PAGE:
In the January the famous Elan Sprint sports car was introduced with the new 126 bhp 'Big Valve' engine.
Team Lotus unveils the innovative Type 72 formula one car that went on to achieve twenty grand prix wins. With inboard brakes, torsion bar springs and the FIRST use of mid-mounted, side radiators it was possible to create a car with a flat aerodynamic nose. It was also the FIRST car to use a multi-element rear wing.
Austrian driver Jochen Rindt passed Jack Brabham on the last lap to win the 1970 British GP at Brands Hach in the new Type 72. Victory came again in both the Constructor's and Driver's championships.
Tradegy strikes - Rindt is tragically killed at Monza before the season's end.
Europa went on to realise its full potential with a change of engine and improvements to the handling, cabin space and styling. It became one of the worlds quickest production sports cars.
The Type 907 road engine was developed by Lotus and sold to Jensen for use in the Jensen-Healey.
Another successful year for Team Lotus. In the Type 72, now sporting the famous John Player Special livery, Emerson Fittipaldi won both Constructors' and Drivers' Championship.
The success of Team Lotus was reflected in the black and gold colour scheme available for the newly announced Europa Special.
The Lotus Esprit concept, designed by Ital Design, is shown for the first time.
Lotus causes confusion by naming its next race car the Type 74, a type number already given to the Europa. However, due to the sponsorship scheme on the car, the car became more commonly known as the 'Texaco Star'.
Lotus won the Constructors Championship for the sixth time, and Emerson Fittipaldi comes second in the Driver's Championship with Ronnie Peterson coming third.
Lotus' first 4 seater sports car was launched, the attractively shaped Type 75 Elite. Though more luxurious than previous Lotus, the Elite still uses the company's trademark backbone chassis and was still very much a sports car.
The Elite's glass fibre composite body used a Vacuum-Assisted Resin Injection (VARI) technology, demonstrating Chapman's ceasless search for technical innovation, and transfer of knowledge from pit-lane to production.
This year also saw the construction of the Type 76 Formula One car dubbed the John Player Special Mark 1.
An important year for Lotus. The Elite was awarded the DON Safety Trophy by the UK Minister of Transport.
The citation reads:
"The panel felt the successful use of GRP body construction plus the wide margin by which the Elite meets the US and European Legal Safety Requirements, and the empahasis placed on the reduction of the risk of fire in the case of collision, allied to the good fuel economy and low emission of
pollutants, added up to a substantial improvement of both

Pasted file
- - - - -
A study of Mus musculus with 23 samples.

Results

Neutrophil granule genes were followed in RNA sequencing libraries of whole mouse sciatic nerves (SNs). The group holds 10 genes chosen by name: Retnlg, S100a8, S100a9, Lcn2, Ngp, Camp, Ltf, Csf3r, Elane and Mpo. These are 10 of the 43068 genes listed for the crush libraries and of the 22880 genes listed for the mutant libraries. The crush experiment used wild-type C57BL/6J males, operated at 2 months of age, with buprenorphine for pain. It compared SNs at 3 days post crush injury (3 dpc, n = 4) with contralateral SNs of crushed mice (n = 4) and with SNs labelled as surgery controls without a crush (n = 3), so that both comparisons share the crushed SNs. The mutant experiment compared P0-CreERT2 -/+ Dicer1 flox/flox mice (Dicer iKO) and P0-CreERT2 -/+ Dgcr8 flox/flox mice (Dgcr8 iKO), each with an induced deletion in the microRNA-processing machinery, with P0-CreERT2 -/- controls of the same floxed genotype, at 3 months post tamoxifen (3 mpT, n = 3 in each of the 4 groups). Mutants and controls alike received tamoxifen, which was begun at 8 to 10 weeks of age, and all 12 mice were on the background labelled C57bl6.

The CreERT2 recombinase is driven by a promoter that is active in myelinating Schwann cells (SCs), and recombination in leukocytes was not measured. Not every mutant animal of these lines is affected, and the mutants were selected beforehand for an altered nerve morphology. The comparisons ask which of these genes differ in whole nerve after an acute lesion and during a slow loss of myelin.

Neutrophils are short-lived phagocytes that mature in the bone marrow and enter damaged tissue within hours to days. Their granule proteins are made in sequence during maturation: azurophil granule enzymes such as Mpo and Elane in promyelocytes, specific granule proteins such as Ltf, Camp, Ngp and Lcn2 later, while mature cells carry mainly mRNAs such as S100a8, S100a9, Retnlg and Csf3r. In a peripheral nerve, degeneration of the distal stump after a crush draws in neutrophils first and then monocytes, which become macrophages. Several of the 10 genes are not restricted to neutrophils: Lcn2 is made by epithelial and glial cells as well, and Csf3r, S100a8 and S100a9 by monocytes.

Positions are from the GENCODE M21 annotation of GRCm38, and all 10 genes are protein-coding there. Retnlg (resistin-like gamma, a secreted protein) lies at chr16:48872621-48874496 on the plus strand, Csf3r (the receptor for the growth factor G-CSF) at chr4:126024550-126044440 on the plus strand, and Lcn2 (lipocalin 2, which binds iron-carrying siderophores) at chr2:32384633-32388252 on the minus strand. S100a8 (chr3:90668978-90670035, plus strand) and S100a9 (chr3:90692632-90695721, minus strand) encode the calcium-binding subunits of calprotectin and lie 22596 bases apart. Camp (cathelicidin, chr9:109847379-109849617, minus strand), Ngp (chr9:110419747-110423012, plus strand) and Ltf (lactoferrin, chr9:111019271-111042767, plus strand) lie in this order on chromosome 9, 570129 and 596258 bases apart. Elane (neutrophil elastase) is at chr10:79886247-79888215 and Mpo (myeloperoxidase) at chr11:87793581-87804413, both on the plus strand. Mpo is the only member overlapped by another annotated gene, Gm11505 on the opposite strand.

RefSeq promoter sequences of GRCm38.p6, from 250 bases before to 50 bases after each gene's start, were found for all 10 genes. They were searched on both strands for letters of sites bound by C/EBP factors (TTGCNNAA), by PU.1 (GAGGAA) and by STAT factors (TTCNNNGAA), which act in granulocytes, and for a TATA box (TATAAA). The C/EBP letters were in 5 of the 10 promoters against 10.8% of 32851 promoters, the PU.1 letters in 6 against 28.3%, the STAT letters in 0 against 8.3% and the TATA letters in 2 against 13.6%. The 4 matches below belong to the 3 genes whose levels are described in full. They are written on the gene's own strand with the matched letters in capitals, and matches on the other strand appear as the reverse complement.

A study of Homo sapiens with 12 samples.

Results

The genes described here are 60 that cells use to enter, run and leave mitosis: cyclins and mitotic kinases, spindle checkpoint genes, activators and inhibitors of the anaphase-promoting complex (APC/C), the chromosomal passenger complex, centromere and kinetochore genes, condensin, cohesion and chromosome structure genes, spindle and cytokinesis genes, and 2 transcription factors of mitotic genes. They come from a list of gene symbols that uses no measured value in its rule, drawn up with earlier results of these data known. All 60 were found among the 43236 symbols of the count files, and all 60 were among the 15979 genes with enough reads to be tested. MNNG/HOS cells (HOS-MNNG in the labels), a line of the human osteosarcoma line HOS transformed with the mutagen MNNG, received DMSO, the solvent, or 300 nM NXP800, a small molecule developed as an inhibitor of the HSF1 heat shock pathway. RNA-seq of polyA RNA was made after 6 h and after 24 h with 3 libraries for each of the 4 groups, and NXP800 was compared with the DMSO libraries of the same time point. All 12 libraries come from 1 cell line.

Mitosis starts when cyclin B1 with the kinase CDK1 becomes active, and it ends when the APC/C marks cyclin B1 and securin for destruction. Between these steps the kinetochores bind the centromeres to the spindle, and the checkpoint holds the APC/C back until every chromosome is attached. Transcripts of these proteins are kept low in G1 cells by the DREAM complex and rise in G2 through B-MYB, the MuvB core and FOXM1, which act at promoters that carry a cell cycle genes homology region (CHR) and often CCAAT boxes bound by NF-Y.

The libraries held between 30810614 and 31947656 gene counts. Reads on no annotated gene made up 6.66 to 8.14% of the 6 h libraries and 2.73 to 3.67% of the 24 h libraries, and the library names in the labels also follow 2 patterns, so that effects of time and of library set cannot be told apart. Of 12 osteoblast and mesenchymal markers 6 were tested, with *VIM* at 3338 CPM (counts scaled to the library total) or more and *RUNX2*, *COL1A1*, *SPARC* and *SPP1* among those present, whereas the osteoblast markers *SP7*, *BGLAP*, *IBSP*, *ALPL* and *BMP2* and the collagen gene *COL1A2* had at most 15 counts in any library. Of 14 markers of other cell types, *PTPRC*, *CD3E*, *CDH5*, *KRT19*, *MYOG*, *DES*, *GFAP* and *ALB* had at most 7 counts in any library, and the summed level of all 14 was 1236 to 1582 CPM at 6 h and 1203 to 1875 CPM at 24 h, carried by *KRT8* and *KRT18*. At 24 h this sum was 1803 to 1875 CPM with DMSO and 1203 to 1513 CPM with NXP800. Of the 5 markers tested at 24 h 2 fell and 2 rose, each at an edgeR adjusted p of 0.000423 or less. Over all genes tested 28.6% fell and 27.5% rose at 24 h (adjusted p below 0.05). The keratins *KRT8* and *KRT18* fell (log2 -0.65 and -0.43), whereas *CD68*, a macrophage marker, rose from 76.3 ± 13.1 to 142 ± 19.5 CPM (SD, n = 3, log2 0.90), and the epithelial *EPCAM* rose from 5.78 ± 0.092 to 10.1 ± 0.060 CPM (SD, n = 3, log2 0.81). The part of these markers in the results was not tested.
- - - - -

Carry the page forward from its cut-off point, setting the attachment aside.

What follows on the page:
primary and secondary safety in a high performance car".
At the Paris Motor show Lotus stunned the world with the premier of the dramatic Guigiario-styled Esprit (Type 79).
The car was to reappear shortly afterwards at the London show, in company with the new 2+2 Eclat (Type 76). Both cars had glass fibre composite bodywork, steel backbone chassis, and were powered by the 2.0 litre Type 907 engine.
Lotus is honoured with a royal visit in March - HRH Duke of Kent. In the November the company celebrated 10 years at the Hethel site.
The new Type 77 John Player Special Mark 2 was unveiled, the FIRST car to incorporate adjustable suspension. After a gap of two years without F1 wins, Lotus returned to its dominant and winning ways with Mario Andretti taking the chequered flag in the rain at the Japanese Grand Prix. This was the start of a phenominal winning streak for Lotus.
'The name's Bond... James Bond...
' Britain's favourite spy, 007, had a fantastic new company supercar in the wedge shaped Esprit.
The Esprit was the mechanical star of the Bond movie 'The Spy Who Loved Me', firing missiles and doing a memorable submarine impression.
Team Lotus dominated Formula One - achieving 12 pole positions, and 8 wins, and yet another Constructors’ and Drivers’ double act with Mario Andretti doing the honours in the driver's seat. Andretti's steed for the majority of the season, the Type 79 (or JPS Mk IV as it was also known), again proved Chapman's genius for finding innovative engineering solutions. The car was a development of the Type 78, which pioneered 'ground effect' on Grand Prix cars, harnessing the airflow under the car to literally suck it to the ground.
To mark this victory, Lotus produced 100 limited edition versions of the new Esprit S2 (launched earlier in the year), suitably liveried in JPS colours.
Lotus' talents were much in demand; in December Chrysler UK (Talbot) called in the Lotus Engineering to help develop a high performance version of the Chrysler Sunbeam. The rally derivative of the Talbot Sunbeam (the Type 81) won the World Rally Championship in 1981.
Another Royal visit - HRH Duke of Edinburgh visited the Hethel factory.
The Type 80 “Wingless Wonder” F1 race car is introduced, to be driven by Mario Andretti and Carlos Reutemann.
The Type 80 was a development of the World Championship winning Type 79, and took the Ground Effect concept to the another level by maximising the underwing area of the car and not having the drag inducing topside mounted wings. However, following a number of poor results, it was retired from competition and the Type 79 was raced for the remainder of the season.